They say there is no such thing as bad publicity, but the National Trust must really be starting to wonder at this stage.
It’s only a few weeks since it was mauled by an outraged Ian Paisley Jnr over its opposition to a golf resort near the Giant’s Causeway.
But now the Trust faces accusations that it has been the one to have spoiled the Unesco World Heritage site, by including creationism at the causeway’s new ultra-modern visitors centre.
The Trust insists it has merely reflected part of the causeway’s “story” – that scientists and biblical scholars who fought over the origins of the planet, had historically used the causeway as a theoretical battleground.
The centre’s interactive exhibition tells visitors “some people around the world, and specifically here in Northern Ireland”, believe the Bible’s Book of Genesis shows the earth is only 6,000 years old.
The script also tells visitors – much to the anger of critics – that when it comes to the age of the planet, the “debate continues today for some people”.
The Evangelical Caleb foundation said it “worked closely with the National Trust over many months”, and said the initiative “both respects and acknowledges an alternative viewpoint” on the origins of the planet.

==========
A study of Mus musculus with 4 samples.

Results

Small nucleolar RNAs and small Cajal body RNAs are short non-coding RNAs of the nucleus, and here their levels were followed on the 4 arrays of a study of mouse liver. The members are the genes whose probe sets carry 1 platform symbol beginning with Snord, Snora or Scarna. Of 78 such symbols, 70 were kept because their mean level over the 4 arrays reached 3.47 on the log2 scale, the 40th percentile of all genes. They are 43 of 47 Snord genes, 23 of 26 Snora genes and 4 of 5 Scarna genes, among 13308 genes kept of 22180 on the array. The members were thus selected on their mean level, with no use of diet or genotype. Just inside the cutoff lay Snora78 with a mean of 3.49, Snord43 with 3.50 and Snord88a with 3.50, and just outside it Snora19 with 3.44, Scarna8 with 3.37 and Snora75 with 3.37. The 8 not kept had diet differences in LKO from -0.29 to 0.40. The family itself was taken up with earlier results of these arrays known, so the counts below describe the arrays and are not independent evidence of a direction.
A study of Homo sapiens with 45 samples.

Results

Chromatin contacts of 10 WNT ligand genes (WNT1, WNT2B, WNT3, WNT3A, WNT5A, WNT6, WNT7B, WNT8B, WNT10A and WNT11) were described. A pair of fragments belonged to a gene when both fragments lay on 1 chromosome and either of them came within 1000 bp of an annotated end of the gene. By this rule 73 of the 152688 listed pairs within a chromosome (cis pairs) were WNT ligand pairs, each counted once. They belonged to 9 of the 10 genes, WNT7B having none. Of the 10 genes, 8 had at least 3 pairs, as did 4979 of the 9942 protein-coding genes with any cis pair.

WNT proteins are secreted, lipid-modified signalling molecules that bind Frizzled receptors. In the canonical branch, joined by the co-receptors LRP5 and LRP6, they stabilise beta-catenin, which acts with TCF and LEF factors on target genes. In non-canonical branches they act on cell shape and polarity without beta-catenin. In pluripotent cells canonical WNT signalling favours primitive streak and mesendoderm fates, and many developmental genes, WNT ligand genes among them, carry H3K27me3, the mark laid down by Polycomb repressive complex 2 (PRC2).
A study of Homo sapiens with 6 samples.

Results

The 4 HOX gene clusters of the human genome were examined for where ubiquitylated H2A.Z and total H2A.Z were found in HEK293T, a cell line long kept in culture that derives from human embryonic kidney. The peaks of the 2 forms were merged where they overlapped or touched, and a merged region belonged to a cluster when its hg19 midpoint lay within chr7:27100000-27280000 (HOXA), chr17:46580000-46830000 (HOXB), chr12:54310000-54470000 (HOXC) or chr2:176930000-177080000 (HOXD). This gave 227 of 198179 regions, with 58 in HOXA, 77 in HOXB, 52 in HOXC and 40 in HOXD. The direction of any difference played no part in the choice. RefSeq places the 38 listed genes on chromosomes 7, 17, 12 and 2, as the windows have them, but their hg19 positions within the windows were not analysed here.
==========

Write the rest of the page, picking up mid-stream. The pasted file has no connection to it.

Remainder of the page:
It was a measure of how much trouble the Trust was in, that it had to reassure the public it had not been converted.
It issued a statement confirming it “fully supports the scientific explanation for the creation of the stones 60 million years ago”.
Sir David Attenborough, our blue planet’s most celebrated tour guide, has opposed creationism being given a place alongside science.
He once said: “It’s like saying that two and two equals four, but if you wish to believe it, it could also be five.”
A spokesman for the National Trust told said the organisation has no plans to include creationism at any of its sites in Britain.
It seems happy for the debate to go on – as long as it stays on this side of the Irish sea.